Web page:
Back in 2011, my view about the steel industry was pretty simple: Even in an underperforming industry, we should be able to find a company that is capable of outperforming the market. This is a simple argument that justifies the idea of searching for investment targets in depressed cyclical industries. Obviously, when the general economy starts recovering, we expect that the companies in cyclical industries also recover. Based on this idea, I started looking for companies that had an edge over peers in the steel industry.
I found ten companies which seemed fit for further research. Among them were some solid industry names like Tenaris, Salzgitter (NASDAQOTH:SZGPY), Voestalpine, Alcoa (NYSE:AA) (not quite a steel producer but similar economics), ArcelorMittal (NYSE:MT), Nucor (NYSE:NUE), and US Steel (NYSE:X). My choice ended up being a small German steel producer called Salzgitter. My selection was based on some production efficiency metrics that I believed to demonstrate a cost production advantage.
However, my Salzgitter's analysis was flawed by one error that essentially compromised the whole research. I made the mistake of starting by looking at production cost metrics. By doing this, I started with a biased vision almost since the beginning, since I ignored the company's ability to charge premium prices. I still think that Salzgitter is a fairly good steel company. The company is an efficient producer, with focus on process optimization and a good reach in international markets.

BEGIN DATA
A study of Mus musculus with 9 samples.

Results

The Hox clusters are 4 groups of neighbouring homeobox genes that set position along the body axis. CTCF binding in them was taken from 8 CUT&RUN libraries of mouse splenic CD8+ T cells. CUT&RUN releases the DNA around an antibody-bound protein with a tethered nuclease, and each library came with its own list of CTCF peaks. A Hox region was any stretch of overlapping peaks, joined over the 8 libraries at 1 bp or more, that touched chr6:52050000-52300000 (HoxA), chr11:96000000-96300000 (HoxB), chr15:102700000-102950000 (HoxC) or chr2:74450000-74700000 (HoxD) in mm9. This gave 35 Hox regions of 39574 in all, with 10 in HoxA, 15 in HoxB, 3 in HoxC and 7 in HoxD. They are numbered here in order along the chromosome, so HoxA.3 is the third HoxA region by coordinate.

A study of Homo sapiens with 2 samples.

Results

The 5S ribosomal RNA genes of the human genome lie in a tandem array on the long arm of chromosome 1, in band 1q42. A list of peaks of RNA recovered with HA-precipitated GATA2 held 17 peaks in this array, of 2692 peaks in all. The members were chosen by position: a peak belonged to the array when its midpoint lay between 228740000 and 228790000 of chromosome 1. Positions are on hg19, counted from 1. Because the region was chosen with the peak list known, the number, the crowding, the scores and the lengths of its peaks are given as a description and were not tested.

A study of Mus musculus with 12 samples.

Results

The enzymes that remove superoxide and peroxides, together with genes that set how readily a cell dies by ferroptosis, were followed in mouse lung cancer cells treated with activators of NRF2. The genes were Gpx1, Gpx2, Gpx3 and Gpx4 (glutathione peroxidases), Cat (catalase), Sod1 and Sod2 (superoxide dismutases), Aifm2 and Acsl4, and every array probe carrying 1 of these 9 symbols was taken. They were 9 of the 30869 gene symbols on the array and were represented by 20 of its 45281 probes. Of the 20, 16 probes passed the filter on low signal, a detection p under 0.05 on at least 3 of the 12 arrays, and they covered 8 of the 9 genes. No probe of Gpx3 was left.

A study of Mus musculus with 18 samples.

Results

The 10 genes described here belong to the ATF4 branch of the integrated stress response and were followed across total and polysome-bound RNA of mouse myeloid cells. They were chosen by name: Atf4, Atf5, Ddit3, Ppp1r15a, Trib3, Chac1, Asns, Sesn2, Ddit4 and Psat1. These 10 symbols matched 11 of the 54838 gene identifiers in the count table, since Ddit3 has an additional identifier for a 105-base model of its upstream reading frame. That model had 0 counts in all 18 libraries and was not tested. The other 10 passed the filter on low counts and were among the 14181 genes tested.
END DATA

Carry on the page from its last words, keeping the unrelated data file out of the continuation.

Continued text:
However, there is nothing that Salzgitter does that others cannot do with a reasonable effort. The company provides some tailored solutions to some of its clients, but this is only a fraction of the company's main business which is to produce steel for the auto and construction industries and to manufacture steel tubes for infrastructure. The main problem is that, in these lines of business, there are numerous competitors that compete through aggressive pricing.
The company exhibits some tendency to enter adjacent markets like the production of machinery for filling and packaging of beverages, which has been a profitable line of business. However, this unit is still small and I do not foresee a noticeable growth in the medium term, since fueling growth costs money, and the company is too focused on trying to survive as an independent steel producer.
Stock price evolution against the S&P500 from 2011 to present
As you can see in the above chart, for the period presented (three and a half years), none of the companies had a better performance than the S&P 500. This means that it might not be enough to choose the best company among its peers to pick a winner. You really need to pick a company that is able to produce at a reasonable cost, but also able to keep a differentiating edge that allows it to keep healthy margins.
Salzgitter is a very efficient steel producer. However, the company's product portfolio is hugely commoditized, which is incompatible with above average returns. Investing in this company has several risks, like aggressive price cuts from Asian producers, imbalance between supply and demand, and weakness in its main clients. I believe the same is true for the rest of the industry, and probably that justifies the fact that so many companies are unable to beat the S&P 500 during our three and a half year window.
Counterbalancing this gloomy picture, there aren't many upside drivers. The company and the overall industry are depressed and any improvement should be a catalyst for a major stock price appreciation but, honestly, I do not see that coming so soon. On the other hand, there are some opportunities in companies in less commoditized industries, which will probably be better choices than investing in a beaten-down industry lacking significant disruptive innovation since the 80's (Nucor's electric arc furnace).